We teach and create spaces for social dance - dance that is about celebrating the music and connecting with others. A solid social dancer needs to feel and understand the music, be able to connect with a partner, and know the basics.
What are the basics? Basics are something that experienced dancers as well as new continually refine and develop. They are where you start, what you continually practice, and what you should aspire to master. Everything else is secondary.
Timing & Musicality
Cuban music ranges across many genres. Timba is what we dance to for Casino & Rueda de Casino. Like popular music you hear on the radio, it places the emphasis on the 1, known as the downbeat. For some hearing and feeling the music comes naturally, but for many of us, it is a skill that has to be learned. This is a critical skill so we encourage you to use the videos and practice, practice, practice!
To develop a sense of musicality, you have to know the music, feel the music. If you don't already, we encourage you to immerse yourself in Cuban music. Check out this internet radio station:
To connect with a partner in dance, we are agreeing to be present and to seek each other out. This allows us to move together, communicating with our eyes, our visual presence, and body position, with small gestures or signals as well as through touch.
To be connected and have clear communication when dancing, let's start at the beginning:
These are the basic steps we teach in Casino and Rueda de Casino. We also use them as exercises to teach rhythm and timing. You can drastically improve your timing by using a metronome for pacing while practicing the steps at regular and half time. Take care to make any changes on the first beat of the 8 count, the one.
Lead & Follow
Have you ever heard the saying 'lead, follow, or get out of my way'? When you move from social dancing into partner dancing this is important. While a very experienced pair of dancers might switch in and out of the roles seamlessly for fun, one is always leading and the other following.
The way we teach, leading is deciding where to go and asking the follow to join you. Following is seeking out and choosing to go with the lead.
KEY POINTS FOR LEADS
KEY POINTS FOR FOLLOWS
As with many forms of dance, Casino has two main positions - social position and open position.
In the Social Position (also called Closed Position), the Lead and Follow stand facing one another creating a shared frame, connecting and communicating through this frame.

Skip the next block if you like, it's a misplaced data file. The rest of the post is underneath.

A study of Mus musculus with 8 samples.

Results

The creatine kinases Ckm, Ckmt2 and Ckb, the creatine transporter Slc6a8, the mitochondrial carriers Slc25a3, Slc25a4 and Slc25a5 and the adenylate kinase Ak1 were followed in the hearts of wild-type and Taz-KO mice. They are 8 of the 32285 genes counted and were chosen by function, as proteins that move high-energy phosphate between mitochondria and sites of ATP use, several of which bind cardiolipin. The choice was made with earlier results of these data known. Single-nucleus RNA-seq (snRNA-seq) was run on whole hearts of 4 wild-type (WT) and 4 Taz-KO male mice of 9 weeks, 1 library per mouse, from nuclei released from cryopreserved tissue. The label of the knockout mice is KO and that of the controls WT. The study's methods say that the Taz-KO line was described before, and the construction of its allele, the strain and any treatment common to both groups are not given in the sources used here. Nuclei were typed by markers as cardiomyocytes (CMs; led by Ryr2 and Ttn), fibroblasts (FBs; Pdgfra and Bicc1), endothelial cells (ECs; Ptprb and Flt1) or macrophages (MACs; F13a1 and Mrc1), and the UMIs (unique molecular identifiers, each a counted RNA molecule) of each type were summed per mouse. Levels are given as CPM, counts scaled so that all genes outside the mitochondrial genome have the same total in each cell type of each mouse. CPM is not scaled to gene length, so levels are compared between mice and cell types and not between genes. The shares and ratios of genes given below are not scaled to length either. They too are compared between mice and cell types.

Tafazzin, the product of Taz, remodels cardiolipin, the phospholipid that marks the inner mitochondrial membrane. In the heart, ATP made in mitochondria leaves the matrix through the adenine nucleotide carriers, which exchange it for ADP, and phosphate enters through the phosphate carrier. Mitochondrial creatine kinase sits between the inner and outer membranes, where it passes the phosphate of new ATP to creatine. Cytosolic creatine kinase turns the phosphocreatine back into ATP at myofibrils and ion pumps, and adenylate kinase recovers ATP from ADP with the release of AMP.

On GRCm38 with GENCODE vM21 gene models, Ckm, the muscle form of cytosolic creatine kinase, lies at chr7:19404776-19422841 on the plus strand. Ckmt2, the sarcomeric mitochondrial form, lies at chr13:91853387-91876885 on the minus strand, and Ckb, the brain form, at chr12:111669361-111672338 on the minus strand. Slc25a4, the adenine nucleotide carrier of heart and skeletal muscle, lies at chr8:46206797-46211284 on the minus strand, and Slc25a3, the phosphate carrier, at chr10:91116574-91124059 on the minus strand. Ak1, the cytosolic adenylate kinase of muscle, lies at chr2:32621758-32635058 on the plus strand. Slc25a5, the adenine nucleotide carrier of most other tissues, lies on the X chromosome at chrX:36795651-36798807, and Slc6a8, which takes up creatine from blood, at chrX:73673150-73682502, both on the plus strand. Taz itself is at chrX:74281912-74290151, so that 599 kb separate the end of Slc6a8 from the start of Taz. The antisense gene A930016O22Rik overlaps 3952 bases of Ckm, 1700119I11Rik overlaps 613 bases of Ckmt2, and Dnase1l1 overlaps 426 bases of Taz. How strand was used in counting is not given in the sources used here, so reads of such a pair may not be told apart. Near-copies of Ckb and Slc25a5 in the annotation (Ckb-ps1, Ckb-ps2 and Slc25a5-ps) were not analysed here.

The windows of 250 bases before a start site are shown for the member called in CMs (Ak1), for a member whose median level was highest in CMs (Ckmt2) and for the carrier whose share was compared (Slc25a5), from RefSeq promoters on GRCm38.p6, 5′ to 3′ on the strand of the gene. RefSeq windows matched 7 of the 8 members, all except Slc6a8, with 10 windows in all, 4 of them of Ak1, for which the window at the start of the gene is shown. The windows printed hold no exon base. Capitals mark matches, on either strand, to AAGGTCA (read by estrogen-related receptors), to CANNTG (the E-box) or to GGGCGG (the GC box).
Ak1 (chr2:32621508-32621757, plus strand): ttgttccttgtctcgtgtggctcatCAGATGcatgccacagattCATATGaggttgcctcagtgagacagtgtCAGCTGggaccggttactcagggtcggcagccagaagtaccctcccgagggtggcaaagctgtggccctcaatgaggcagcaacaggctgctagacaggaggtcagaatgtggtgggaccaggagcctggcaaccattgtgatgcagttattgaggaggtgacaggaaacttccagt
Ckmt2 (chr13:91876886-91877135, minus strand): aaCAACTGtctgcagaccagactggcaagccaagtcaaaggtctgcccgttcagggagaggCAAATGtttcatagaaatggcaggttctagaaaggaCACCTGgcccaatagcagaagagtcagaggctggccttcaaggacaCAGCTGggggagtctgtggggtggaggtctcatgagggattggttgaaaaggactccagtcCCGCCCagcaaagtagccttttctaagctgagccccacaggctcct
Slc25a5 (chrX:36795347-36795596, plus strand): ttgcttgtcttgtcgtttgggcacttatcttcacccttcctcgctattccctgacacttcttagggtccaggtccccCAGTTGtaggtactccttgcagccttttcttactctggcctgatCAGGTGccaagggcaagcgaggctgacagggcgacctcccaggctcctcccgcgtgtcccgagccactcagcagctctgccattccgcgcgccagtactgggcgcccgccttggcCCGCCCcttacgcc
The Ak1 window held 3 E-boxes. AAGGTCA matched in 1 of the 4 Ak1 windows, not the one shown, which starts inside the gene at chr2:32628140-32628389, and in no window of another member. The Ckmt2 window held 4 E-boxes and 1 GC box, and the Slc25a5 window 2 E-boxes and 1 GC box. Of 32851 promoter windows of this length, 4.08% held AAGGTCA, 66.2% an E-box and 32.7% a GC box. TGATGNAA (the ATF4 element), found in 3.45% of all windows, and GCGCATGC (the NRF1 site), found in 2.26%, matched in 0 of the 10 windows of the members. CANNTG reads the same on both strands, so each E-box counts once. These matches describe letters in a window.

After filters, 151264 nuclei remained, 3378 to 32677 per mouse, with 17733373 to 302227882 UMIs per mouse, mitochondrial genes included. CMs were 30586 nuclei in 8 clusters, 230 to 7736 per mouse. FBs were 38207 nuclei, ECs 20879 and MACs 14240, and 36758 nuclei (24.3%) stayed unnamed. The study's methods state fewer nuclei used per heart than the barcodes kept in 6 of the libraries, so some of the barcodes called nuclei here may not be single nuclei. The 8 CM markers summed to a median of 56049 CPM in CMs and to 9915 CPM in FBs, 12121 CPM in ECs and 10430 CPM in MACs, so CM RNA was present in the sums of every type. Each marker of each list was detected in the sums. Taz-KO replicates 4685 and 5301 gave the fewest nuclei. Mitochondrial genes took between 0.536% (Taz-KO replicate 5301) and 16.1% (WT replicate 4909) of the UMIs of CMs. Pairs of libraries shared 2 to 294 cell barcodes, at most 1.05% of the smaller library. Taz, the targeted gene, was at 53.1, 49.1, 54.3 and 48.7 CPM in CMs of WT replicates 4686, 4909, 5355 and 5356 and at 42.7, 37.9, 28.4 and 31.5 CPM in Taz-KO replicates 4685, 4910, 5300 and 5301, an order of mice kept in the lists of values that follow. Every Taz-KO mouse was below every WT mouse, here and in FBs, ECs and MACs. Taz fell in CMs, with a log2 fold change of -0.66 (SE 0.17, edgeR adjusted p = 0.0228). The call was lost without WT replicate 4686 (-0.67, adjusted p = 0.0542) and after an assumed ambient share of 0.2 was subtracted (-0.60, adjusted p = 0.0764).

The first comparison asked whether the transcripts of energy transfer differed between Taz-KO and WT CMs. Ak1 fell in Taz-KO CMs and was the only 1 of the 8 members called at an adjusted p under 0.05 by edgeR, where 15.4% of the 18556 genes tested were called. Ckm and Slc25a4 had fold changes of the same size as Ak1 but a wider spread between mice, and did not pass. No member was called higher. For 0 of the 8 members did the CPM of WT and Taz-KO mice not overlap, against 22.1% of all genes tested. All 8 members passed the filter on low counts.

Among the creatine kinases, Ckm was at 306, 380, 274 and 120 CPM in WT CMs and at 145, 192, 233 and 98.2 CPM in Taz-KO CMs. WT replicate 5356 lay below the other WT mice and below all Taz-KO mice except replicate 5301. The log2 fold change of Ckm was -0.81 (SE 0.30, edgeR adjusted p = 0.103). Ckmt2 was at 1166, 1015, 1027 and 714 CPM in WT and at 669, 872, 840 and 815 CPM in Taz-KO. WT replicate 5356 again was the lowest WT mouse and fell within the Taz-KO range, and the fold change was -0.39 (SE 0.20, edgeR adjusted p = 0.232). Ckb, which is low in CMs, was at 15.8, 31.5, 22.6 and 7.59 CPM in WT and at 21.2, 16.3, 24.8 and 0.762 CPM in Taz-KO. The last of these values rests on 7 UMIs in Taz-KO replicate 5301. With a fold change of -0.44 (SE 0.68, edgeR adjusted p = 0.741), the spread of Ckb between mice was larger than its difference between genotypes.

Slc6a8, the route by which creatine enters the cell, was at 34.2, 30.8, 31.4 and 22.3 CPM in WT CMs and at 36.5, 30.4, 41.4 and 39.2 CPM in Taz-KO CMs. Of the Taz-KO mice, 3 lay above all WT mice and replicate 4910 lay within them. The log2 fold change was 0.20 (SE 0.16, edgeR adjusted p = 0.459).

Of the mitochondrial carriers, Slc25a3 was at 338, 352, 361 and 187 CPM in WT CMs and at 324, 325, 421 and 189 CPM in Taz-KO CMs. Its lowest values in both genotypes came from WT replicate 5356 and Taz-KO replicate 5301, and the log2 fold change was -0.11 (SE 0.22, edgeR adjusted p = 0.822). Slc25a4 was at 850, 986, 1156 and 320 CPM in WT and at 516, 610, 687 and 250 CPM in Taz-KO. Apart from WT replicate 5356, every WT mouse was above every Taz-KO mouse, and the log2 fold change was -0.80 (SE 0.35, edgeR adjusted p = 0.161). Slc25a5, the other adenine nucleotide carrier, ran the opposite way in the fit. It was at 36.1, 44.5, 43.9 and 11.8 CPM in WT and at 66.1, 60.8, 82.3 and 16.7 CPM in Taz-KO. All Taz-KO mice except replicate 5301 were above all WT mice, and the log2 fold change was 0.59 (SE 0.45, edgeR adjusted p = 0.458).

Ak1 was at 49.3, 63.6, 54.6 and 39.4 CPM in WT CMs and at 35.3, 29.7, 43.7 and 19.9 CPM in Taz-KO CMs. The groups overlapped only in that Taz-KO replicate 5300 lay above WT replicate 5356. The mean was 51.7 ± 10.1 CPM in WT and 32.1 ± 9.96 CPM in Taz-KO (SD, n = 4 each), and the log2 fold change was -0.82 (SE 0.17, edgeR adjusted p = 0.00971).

In the figure above, they are dancing a waltz but the position is the same. Right arm of the lead goes around the left side of the follow, taking hold of her back just at the shoulder blades and pressing slightly up to support the Left arm of the follow that rests on top of the Leads arm. The follow rests her Left hand on the leads shoulder and presses down slightly to create a solid physical connection.
Left arm of lead holds the right hand of the follow at about shoulder height with both Lead and Follow pressing in slightly to create a solid connection.
Basic Steps to Practice in Social Position: Paso de Son, Paso Diamante
The other common position in Cuban dance is Open Position. It looks a bit like this (well, not really, but the concept of being open in the same):
Basic Steps to Practice in Open Position: Guapea
There are 5 turns from which many other turns are built. These are what we consider to be the basic turns. As a new dancer, focus on the first three. The others will come in time.
Dile Que No
Sueltas are Cuban line dances. Typically at a concert where a rueda (see below) or partner dancing would detract from the performance, dancers will line up and dance in unison. Like Rueda, there is often a leader setting the movements. Sueltas are also used for learning basic steps and Cuban movements in classes and sometimes danced at parties spontaneously.
Casino is the main dance that we teach. It is a Cuban popular dance that evolved from Son Montuno that is sometimes called Cuban Salsa. There are different styles, different ways of teaching, different interpretations of an evolving dance that share a common love for the music, a playful seductive nature, and a touch of elegance. The dance originated in Cuban dance halls, known as Casinos. It was a semi-formal affair back then. In modern times, it crosses over to the streets.
Rueda de Casino
Rueda de Casino is when pairs dance Casino in a circle or a rueda meaning wheel in Spanish. It becomes a dynamic game of call and response. You'll find it danced by kids in the street, spontaneously at the beach and by adults in suits and stilettos in a club. It is surprisingly addictive, and its only a matter of time before someone proves its better than Sudoku for keeping your brain active and young.
Not surprisingly, the circle is said to be the oldest dance form and studies in occupational medicine support that dancing in a circle creates a shared sense of empathy and improves quality of life. More than anything though - it makes people smile.
Naming and Such
Rueda de Casino naturally takes on the flavor of the places it is danced. You will find that there are regional variations in the calls, names, and styling. Where the variations are known we will give you all of the alternative names so they are at least familiar.
'Bookoo' is the New Orleans version of the French word beaucoup, meaning a lot. Rueda is the Spanish word for wheel, as in Rueda de Casino. Being a creole nation a creolized name made sense. The wheel, a circle is much like a hearth - it draws people to it. It invites new dancers. It connects people, communities, and cultures breaking down the notions of us and them.